At the recent American Society of Plastic Surgeons meeting in Chicago, Sydney Coleman, MD, a New York-based plastic surgeon, and other medical panelists revisited the topic of fat grafting to the breast and its efficacy in breast augmentation.

Breast augmentation via fat grafting can produce natural-looking results for patients who require reconstruction or augmentation.

For more than a century, plastic surgeons have used autologous fat to enlarge and reshape breasts. In the early 1980s, plastic surgeons began using liposuction as a potential source of autologous tissue for breast augmentation. Surgeons began placing the fatty tissue that was removed with liposuction into the breast.

However, none of these techniques were widely used because of safety concerns, which include the implication that the injected fat will not survive and, most importantly, that there may be scarring and calcification, which may compromise breast cancer detection.

Over the last decade, scientific reports from France, Italy, China, Japan, and the United States have surfaced about the efficacy of fat grafting for breast reconstruction, the treatment of radiation damage to the chest, the reduction of breast capsular contracture, and soft-tissue coverage of breast implants.

As Coleman describes his technique of structural fat grafting, fat is harvested using a 10-mL syringe attached to a two-hole Coleman harvesting cannula. After centrifugation and refinement, the fat is transferred to 3-mL syringes. Blunt infiltration cannulas are used to place the fat through 2-mm incisions. Blunt cannulas not only allow more dispersion of the grafted tissue in small aliquots, but also reduce the chance of intravascular injection. Sharp needles are not used for injection into the breast.

The incisions are positioned to allow placement from at least two directions into each grafted area.

Approximately 0.2 mL is placed with each withdrawal of the cannula, Coleman continues. Shaping of the breasts is accomplished by layering the fat into different levels until the desired contour is achieved.

Although a breast implant augments by expanding the retropectoral spaces, Coleman says, this technique allows selective augmentation and contouring from the chest wall to the skin. In most cases, the largest portion of the fat is infiltrated into the pectoralis major muscle, followed by the retropectoral and prepectoral spaces. Shaping of the breast is accomplished with placement subcutaneously into the superficial breast planes. Placement into the parenchyma of the breast is limited and performed in order to further increase projection.


According to Coleman, fat grafting has advantages and disadvantages when compared to implants. Breast augmentation using fat grafting is not associated with implant-related problems, such as implant leakage or deflation, visible or palpable implants, or the development of breast capsular contracture.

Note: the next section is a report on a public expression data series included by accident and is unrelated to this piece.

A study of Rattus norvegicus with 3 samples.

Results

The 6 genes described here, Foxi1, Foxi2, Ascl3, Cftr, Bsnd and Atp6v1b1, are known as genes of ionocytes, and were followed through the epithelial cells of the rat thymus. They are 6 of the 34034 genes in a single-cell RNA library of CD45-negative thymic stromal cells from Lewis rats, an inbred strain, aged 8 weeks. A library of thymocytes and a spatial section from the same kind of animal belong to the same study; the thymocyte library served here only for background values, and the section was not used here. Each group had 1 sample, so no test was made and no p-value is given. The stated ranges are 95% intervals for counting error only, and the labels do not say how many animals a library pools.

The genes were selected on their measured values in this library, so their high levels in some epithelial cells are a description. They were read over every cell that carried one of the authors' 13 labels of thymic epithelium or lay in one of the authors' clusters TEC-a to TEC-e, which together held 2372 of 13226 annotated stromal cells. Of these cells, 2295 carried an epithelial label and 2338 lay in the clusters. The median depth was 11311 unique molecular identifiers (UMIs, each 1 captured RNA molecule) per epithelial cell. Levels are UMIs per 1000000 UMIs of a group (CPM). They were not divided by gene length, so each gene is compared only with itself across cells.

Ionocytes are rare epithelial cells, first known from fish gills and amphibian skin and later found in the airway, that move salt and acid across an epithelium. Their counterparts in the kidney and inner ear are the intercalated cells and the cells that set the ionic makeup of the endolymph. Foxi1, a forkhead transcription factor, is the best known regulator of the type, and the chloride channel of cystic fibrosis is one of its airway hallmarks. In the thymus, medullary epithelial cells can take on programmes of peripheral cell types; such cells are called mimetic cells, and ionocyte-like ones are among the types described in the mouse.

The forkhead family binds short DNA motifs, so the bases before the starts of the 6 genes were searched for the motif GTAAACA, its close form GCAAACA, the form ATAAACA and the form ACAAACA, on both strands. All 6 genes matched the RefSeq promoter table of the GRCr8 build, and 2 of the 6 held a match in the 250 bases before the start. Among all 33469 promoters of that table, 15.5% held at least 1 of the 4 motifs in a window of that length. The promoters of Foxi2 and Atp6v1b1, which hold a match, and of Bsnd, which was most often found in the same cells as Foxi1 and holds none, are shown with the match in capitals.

However, there are several limitations. Breast augmentation using his fat-grafting technique is a very time-consuming procedure, and the large volume changes commonly attained with implants are not possible using structural fat grafting.

According to Coleman, long-lasting, natural improvements in the size and shape of a breast are possible with a specific technique of fat grafting. When harvested and refined with minimal trauma and when placed in small aliquots, the transplanted free fat grafts can remain viable and provide a structure and shape to the breast that cannot be achieved with implants alone or with other types of surgery.

On the other hand, autologous fat grafting to the breast can be used for simple aesthetic augmentation of a breast.

See also “The Beauty of Fat” by Henry A. Mentz III, MD, FACS, FICS, and Amado Ruiz-Razura, MD, FACS, FICS, in the June 2005 issue of PSP.

The most important consideration with fat grafting to the breast is the safety of the patients, according to Coleman. Fat placed even in small amounts with each pass can develop small cysts and calcifications.

However, breast cancer detection, not the incidence of calcifications, remains the safety issue.

“For breast reconstruction, there are some good data to support the safety and efficacy of fat injections, but for cosmetic use, it’s a whole new ball game,” says William P. Adams Jr., MD, a Dallas plastic surgeon and associate clinical professor of plastic surgery at the University of Texas Southwestern Medical Center, Dallas. Adams was among the doctors who discussed the technique at the ASPS fall meeting.

Adams, among others, have pointed out that no studies as yet prove the effectiveness and safety of fat injections for breast augmentation.